Stop smoking today with the guidance of a dentist in Richmond
The world we live in is highly stressful, and we all have crutches that provide us with temporary relief from pressure. If yours is smoking, you undoubtedly know the dangers of smoking for your health. You might have even have made failed attempts at quitting under your belt already.
What if we told you that puffing on a cigarette does not only increase your chances of cancer, but can also make you more susceptible to developing oral infections too?
Come and chat to our dentist in Richmond if you are serious about curbing your addiction, and learn more about the adverse effects of tobacco on your teeth.
How will a dentist in Richmond know if you are a smoker?
You might have vigorously brushed your teeth before your appointment with us and chewed on spearmint gum, but our dentist can tell straight away if you smoke.
For one, no matter how well you try to mask the smell, the strong tobacco scent will remain in your mouth, especially when you open your mouth for us to examine.
Other visible symptoms of being a smoker, which are often a sign that your overall dental health is in jeopardy, are teeth discolouration, more tartar build-up than non-smokers, small white patches around the mouth, and the prevalence of gum disease.
Did you know that if you are a smoker, your chances of contracting gum disease are higher?
The more you smoke, the less oxygen there is circulating the bloodstream. Without the necessary oxygen, your gums cannot breathe properly, which leaves you more susceptible to gum diseases.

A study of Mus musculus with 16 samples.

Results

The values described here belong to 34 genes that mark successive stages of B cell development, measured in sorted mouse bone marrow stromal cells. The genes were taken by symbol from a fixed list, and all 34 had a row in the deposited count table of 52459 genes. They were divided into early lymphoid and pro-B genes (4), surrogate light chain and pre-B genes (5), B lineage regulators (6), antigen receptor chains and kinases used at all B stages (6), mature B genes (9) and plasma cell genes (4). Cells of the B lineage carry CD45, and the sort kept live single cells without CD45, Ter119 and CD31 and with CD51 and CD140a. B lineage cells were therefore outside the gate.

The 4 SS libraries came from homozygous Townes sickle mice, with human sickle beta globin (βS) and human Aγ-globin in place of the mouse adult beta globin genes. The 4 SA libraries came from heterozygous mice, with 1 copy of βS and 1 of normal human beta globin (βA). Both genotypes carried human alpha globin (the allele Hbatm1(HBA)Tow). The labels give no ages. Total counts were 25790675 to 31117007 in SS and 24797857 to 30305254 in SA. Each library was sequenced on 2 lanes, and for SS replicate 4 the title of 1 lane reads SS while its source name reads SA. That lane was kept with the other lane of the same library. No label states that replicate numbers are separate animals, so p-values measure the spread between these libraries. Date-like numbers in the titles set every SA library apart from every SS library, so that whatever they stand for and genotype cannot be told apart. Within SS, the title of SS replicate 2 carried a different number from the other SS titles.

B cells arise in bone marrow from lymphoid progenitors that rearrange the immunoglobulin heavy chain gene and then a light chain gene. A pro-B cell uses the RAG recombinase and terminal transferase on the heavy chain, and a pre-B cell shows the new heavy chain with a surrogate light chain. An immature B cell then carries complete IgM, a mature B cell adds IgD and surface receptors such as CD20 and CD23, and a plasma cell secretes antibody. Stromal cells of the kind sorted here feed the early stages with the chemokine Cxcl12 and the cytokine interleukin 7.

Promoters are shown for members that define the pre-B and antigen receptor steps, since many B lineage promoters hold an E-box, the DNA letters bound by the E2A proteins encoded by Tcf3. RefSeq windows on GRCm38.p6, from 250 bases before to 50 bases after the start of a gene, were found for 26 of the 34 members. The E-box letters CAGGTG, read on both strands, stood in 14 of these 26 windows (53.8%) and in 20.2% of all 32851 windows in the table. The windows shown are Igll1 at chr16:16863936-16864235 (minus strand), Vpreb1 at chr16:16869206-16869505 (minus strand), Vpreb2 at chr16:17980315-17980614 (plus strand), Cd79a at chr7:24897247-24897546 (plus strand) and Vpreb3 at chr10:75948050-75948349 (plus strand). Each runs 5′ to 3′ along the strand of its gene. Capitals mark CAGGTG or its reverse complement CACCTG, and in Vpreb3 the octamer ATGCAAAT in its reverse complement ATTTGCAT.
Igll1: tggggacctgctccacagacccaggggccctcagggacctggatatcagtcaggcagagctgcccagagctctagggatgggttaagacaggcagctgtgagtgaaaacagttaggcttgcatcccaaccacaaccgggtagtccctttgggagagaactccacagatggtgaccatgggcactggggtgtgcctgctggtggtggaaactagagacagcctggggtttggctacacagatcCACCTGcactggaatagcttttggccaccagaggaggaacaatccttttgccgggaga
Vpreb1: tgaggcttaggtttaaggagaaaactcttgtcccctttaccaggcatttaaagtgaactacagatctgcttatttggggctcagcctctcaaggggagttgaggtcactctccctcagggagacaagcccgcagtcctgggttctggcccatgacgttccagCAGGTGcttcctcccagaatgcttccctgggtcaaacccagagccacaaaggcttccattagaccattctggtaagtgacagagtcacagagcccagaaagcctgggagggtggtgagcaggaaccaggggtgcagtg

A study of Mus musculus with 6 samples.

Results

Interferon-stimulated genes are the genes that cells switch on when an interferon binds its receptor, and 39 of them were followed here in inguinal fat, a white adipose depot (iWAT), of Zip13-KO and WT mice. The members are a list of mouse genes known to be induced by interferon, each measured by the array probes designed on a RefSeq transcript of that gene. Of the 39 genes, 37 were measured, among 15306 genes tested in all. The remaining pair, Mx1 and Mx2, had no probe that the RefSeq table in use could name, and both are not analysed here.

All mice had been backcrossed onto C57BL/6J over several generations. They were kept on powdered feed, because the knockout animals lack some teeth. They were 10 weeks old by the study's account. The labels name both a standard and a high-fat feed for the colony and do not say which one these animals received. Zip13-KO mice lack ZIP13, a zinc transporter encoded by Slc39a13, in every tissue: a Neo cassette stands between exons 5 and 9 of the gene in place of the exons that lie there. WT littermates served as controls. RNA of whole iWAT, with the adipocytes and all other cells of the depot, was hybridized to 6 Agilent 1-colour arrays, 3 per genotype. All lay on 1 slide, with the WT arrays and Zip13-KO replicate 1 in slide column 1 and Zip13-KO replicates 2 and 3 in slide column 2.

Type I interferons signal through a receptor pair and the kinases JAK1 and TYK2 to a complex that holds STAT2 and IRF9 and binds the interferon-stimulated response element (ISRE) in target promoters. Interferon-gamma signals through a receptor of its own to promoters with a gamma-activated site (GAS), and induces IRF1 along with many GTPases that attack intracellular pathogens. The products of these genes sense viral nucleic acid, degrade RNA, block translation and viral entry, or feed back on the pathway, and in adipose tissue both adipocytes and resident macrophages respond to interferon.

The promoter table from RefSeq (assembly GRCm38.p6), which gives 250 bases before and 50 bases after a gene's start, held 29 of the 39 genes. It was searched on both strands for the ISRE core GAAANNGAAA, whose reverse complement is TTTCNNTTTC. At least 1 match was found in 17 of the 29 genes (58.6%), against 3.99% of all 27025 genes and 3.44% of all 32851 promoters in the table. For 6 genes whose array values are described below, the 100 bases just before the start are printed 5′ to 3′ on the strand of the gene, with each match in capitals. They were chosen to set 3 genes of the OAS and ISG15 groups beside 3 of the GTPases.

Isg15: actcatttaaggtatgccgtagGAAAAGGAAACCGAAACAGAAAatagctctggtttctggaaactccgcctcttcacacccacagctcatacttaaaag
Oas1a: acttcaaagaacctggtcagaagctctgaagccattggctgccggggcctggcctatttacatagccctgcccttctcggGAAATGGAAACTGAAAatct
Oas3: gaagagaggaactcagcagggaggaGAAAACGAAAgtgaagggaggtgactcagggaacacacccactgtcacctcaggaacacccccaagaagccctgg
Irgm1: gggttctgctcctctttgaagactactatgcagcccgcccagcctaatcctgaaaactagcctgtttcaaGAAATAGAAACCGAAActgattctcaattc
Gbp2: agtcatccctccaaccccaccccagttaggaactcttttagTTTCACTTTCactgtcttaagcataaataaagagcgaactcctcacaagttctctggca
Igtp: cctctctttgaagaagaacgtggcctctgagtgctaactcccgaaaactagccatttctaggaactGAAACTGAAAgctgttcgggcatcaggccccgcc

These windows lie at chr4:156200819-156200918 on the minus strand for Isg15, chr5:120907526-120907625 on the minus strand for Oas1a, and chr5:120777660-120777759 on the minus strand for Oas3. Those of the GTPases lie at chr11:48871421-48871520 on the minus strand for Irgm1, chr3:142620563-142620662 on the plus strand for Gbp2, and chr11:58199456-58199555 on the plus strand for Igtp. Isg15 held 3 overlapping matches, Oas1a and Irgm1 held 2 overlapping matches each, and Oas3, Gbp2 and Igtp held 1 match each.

There are two stages to gum disease. Gingivitis is the early and reversible stage accompanied by inflamed gums, while periodontitis is a severe gum infection that if left untreated, could spread to tissue and bones, resulting in extensive damage and even tooth loss.
Other risks you should know about
Due to a lack of oxygen, not only are your gums at risk, but your ability to physically heal slows down. You might find that it takes you longer to bounce back from a surgical procedure than a healthy non-smoker does.
Your teeth are discoloured or brown, depending on how much you smoke and for how long. Quitting or smoking less will help you attain brilliant, white teeth and a healthy smile.
You have increased chances of developing cancer - this is probably not news to you. That said, lung cancer is not the only disease you should be worried about, but also oral/mouth cancer and cancer of the throat and oesophagus.
The white patches - called leukoplakia - that form all around your mouth are caused by a tobacco irritation. While mostly non-cancerous, they can be early signs of cancer, so it is best to seek out dental care at out dentist in Richmond when they first appear. They are also unsightly and challenging to remove. One way in which they can disappear on their own is by you discontinuing your smoking habits.
Smoking is not only a risk to your physical well-being, but also your oral health and overall facial appearance. Chat to one of our experts for guidance on smoking cessation therapy.